Review: Sheepfarmer’s Daughter by Elizabeth Moon

Series: Deed of Paksenarrion #1
Published by: Orbit
ISBN 13: 9781405530422
Published: 1988
Pages: 512
Format reviewed: ePub
Site: Author Site
Goodreads: Book Page
Stars: Five out of Five
Lists: Favourites and Recommended
Related Reviews: Reading Challenge: Women of Speculative Fiction

This is part of my reading challenge for 2017, to expand my woeful knowledge of women in speculative fiction by reading at least 24 books by women that were and are instrumental in our genre.

This book was absolutely what I needed at the time. I’ve fallen behind in my reading challenge currently, and short stories weren’t working for me. This I couldn’t put down. We have the usual offspring doesn’t want to be a farmer so goes off to join the army trope, but in this the characters feel so utterly real you love every minute of it. The joining of the Duke’s troops is interesting in its attention to detail, and though they do a load of walking, it makes the landscape seem real, harsh, and every bit real. This book does what movies now do for us – provide us the rich landscape that words don’t often capture – this does, and doesn’t get bogged down in it.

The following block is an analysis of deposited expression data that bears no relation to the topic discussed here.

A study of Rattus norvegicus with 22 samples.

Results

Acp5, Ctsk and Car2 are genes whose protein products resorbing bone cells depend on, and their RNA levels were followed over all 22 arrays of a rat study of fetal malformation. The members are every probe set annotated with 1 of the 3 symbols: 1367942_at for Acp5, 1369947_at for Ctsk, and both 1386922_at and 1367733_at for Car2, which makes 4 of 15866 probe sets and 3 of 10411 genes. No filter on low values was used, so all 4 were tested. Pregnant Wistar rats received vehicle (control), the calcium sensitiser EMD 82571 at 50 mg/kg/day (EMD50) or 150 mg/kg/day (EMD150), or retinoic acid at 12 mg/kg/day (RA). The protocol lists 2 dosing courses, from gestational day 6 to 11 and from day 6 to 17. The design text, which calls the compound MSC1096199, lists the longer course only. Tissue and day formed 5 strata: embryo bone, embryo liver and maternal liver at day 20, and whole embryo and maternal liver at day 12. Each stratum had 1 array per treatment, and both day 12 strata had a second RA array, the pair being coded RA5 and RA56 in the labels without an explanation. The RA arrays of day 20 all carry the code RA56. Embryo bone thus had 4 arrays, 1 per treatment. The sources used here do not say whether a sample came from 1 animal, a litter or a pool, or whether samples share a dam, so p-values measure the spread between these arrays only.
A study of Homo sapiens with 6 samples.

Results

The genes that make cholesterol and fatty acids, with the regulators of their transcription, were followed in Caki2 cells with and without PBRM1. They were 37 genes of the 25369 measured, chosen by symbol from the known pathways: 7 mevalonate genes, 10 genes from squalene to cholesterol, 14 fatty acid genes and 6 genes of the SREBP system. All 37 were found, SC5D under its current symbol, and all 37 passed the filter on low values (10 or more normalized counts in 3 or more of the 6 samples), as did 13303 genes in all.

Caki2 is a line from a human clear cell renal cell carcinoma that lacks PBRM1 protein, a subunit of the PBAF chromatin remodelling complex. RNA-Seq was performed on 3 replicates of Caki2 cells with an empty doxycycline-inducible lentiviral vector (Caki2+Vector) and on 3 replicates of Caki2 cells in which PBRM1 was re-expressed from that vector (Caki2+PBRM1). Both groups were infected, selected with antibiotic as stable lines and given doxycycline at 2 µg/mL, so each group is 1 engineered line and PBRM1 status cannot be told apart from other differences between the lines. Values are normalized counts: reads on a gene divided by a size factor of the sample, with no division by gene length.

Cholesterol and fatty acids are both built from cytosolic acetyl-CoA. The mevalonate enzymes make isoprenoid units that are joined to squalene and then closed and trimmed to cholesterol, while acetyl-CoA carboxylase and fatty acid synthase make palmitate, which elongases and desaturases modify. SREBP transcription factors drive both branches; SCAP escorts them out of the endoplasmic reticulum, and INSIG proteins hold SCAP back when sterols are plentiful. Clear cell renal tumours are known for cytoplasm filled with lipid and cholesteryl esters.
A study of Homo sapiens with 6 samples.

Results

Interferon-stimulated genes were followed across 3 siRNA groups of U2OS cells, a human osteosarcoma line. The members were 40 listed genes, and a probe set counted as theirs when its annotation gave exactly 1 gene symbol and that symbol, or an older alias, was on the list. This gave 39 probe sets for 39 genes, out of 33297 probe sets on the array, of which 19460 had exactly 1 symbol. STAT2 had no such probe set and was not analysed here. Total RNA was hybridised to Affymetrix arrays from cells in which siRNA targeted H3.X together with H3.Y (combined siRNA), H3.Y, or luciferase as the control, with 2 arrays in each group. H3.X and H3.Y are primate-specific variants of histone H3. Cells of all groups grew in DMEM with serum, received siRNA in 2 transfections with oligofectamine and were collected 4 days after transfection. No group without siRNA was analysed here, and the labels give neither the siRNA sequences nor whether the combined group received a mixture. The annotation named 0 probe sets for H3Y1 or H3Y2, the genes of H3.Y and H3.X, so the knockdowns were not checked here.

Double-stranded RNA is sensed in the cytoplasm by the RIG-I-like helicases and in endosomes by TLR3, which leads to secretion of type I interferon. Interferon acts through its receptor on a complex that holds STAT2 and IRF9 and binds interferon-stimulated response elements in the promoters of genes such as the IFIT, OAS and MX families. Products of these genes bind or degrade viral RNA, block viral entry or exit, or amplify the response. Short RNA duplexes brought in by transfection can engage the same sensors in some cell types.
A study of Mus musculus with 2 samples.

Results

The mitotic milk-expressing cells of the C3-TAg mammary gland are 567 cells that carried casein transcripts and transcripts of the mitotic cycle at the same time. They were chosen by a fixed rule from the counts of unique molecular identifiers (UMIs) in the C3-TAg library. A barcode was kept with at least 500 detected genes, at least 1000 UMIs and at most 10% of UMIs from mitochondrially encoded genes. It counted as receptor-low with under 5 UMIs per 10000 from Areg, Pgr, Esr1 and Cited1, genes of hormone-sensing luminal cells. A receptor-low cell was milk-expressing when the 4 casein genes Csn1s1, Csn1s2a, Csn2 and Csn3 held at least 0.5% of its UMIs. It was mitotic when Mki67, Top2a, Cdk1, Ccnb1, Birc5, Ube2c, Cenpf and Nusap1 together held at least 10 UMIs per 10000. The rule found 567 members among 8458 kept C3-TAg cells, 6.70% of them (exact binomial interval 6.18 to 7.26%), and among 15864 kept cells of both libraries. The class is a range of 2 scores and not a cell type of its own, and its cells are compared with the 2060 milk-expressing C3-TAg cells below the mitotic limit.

Paks, the main character, is lucky (and possibly God blessed if we keep reading?) and through grit and determination she earns herself a good name through her training, loyalty, and what she inspires in others. This book isn’t gentle in what we see or who we lose through the pages, and though there is one triggering scene it made me see just how well a certain subject can be handled and now I’m all the more judgey of other books that don’t pull it off half as well.

At times Moon throws us into action. There’s one chapter end where the next our beloved Paks wakes in a cell worrying about what’s about to happen to her next, and you learn the previous night through back story – it makes you worry for her all the more as you piece it together, and learn with the reaction of others just how good her chances are.

The Duke in this is both remote and yet utterly human. He has his failings, and there’s many countless people separating a lowly new recruit and the Duke himself, but through damn good writing we get to know him here and there, and I look forward to seeing more of him.

Basically, I want to finish writing this review so I can go back to reading the next one.